Paul Stewart

Do ya ever get frustrated with those on VHF/UHF FM with low modulation and then they mumble their words too? Well I do. More than anything I want to learn from all the HAMS I come in contact with, but I get tired when they are low volume and they mumble.

Now I know my hearing ain't what it once was but I can hear well articulated speech. Help us old guys, please speak strongly and clearly [especially when identifying] so we don't have to ask for a repeat or just give up.

Thank you

KE0TFX
... and then they mumble their words too ... they are low volume and they mumble ... I know my hearing ain't what it once was but I can hear well articulated speech ...
Forgive me, Paul, but it's a bad rap.

I too have lost much (nearly all!) of my hearing with advanced years. But by modifying the frequency response of my receivers, by using headphones, by wearing hearing aids, and/or by turning the darned thing up loud enough to break car windows, I can usually hear the other guy when I want to. If I can't, it's not his fault for assuming I'll hear speech the same way, and as easily, as do people with normal ears. It's right and natural for him to assume I can hear -- most people he talks to hear much better than I ever will again, and the fix is not for him to shout. If he has to shout, where's his fun in talking to me?

Besides, if it's a round-table QSO and he shouts for me, he'll make himself unpopular with everyone else.

No fair.
Paul Stewart

But please, his shouting my not help as you pointed out. I'm just asking for deliberate diction and enunciation. And yes I accept that can be difficult for some, but many including myself can get lazy----especially when identifying our stations (we do it so often) that we run the letters and number close together in such a way it is unintelligible. Speaking very fast especially when using phonetic characters makes de-coding difficult. My request is that we all remember communicating is the goal.

Thank you


Many, however, are simply incapable; they might benefit from a good speech therapist, but most of them are blissfully unaware that they talk badly. I occasionally hear a ham, for example, who gives his callsign with a suffix that is approximately "appity" or maybe "appidy". I conjecture that his callsign suffix is either "ipd" or "apd", or maybe "ipt" or "apt". No way to know for sure. He speaks generally with a strong regional accent that I think is rural South Georgia or maybe rural Northeast Florida. Perhaps he is an example of the following definition from Ambrose Bierce's The Devil's Dictionary:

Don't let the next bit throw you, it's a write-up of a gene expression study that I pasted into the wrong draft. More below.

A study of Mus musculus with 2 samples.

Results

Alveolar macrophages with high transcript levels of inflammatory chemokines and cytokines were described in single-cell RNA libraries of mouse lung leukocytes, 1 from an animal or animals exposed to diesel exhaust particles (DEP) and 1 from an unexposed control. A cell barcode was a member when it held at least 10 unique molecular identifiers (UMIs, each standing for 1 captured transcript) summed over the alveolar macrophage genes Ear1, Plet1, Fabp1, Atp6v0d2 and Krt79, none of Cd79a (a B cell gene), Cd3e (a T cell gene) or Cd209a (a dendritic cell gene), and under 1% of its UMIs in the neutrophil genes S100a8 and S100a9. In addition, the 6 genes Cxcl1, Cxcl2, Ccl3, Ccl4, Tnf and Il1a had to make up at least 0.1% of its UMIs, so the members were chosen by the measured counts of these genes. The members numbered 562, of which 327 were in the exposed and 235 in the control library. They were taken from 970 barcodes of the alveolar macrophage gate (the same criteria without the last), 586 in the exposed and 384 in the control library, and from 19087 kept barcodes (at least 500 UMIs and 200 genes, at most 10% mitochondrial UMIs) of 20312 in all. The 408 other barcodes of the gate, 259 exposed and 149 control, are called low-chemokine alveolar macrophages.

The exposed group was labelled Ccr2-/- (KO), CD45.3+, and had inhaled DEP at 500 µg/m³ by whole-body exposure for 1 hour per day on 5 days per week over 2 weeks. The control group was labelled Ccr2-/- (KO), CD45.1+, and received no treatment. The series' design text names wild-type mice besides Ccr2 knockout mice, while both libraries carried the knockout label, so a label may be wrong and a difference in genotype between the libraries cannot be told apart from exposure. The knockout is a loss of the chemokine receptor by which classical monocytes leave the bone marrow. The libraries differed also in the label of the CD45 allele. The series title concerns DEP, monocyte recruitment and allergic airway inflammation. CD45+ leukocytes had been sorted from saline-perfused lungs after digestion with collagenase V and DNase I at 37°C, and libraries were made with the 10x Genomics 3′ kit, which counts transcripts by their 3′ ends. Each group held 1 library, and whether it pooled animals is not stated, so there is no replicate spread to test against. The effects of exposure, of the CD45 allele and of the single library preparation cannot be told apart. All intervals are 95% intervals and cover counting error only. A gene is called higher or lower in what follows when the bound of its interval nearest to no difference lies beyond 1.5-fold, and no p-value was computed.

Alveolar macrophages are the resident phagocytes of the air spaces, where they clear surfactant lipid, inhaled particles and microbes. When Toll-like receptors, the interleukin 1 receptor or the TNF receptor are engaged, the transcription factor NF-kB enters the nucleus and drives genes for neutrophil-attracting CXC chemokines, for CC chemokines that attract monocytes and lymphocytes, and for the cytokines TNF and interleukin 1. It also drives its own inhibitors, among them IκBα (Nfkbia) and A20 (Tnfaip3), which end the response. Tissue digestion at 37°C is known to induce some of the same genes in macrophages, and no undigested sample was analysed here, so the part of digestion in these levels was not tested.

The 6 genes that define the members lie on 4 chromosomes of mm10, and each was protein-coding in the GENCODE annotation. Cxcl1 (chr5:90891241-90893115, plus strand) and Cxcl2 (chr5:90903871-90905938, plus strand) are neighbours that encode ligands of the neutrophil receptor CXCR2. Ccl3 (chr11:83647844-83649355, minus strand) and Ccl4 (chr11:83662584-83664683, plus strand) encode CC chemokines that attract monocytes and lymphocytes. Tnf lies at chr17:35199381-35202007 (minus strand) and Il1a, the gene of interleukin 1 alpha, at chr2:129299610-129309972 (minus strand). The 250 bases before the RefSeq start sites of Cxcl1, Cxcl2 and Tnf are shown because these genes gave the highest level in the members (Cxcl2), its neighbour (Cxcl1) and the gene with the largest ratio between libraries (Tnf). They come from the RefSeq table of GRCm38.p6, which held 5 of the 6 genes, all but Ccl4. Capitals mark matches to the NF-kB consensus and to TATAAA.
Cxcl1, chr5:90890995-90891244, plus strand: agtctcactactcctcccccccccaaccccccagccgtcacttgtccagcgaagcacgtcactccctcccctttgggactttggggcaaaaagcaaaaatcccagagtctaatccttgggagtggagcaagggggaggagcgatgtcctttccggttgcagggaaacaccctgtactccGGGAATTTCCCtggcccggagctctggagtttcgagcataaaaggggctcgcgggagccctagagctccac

Low-bred, adj.
"Raised" instead of brought up.


But maybe, if he talked more like William F. Buckley Jr and less like his family [I make an assumption, of course], his local friends would have the same trouble, figuring out what he said, that I have when I hear him now. So why should he change? If I want to understand, it's my responsibility to listen up as well as I can, or augment my equipment -- probably both.
Paul Stewart

Mostly I Post to try and get some interest in this blog. There are so many things to talk about Carl yet there is so little activity here. I'm disappointed with this nice blog and such little usage.

Paul

Yes, I agree to a point that many amateurs do not seem to be "loud". To date, no one has mentioned that their seemingly low audio might be that their radios are set up for narrow band instead of wide band. Most ops don't know the difference or that they may be using narrow.
If your radio is expecting wide band (it should be in all but a very few locations) and they are using narrow band, they will seem quieter than another station using wide band. Read about "deviation" in FM.
We have a daily 2 meter net here at the RV park I live in and you'd be surprised at how many ops have no clue that they are transmitting narrow band and then are wondering why so many wide band listeners complain that they "aren't talking loud enough".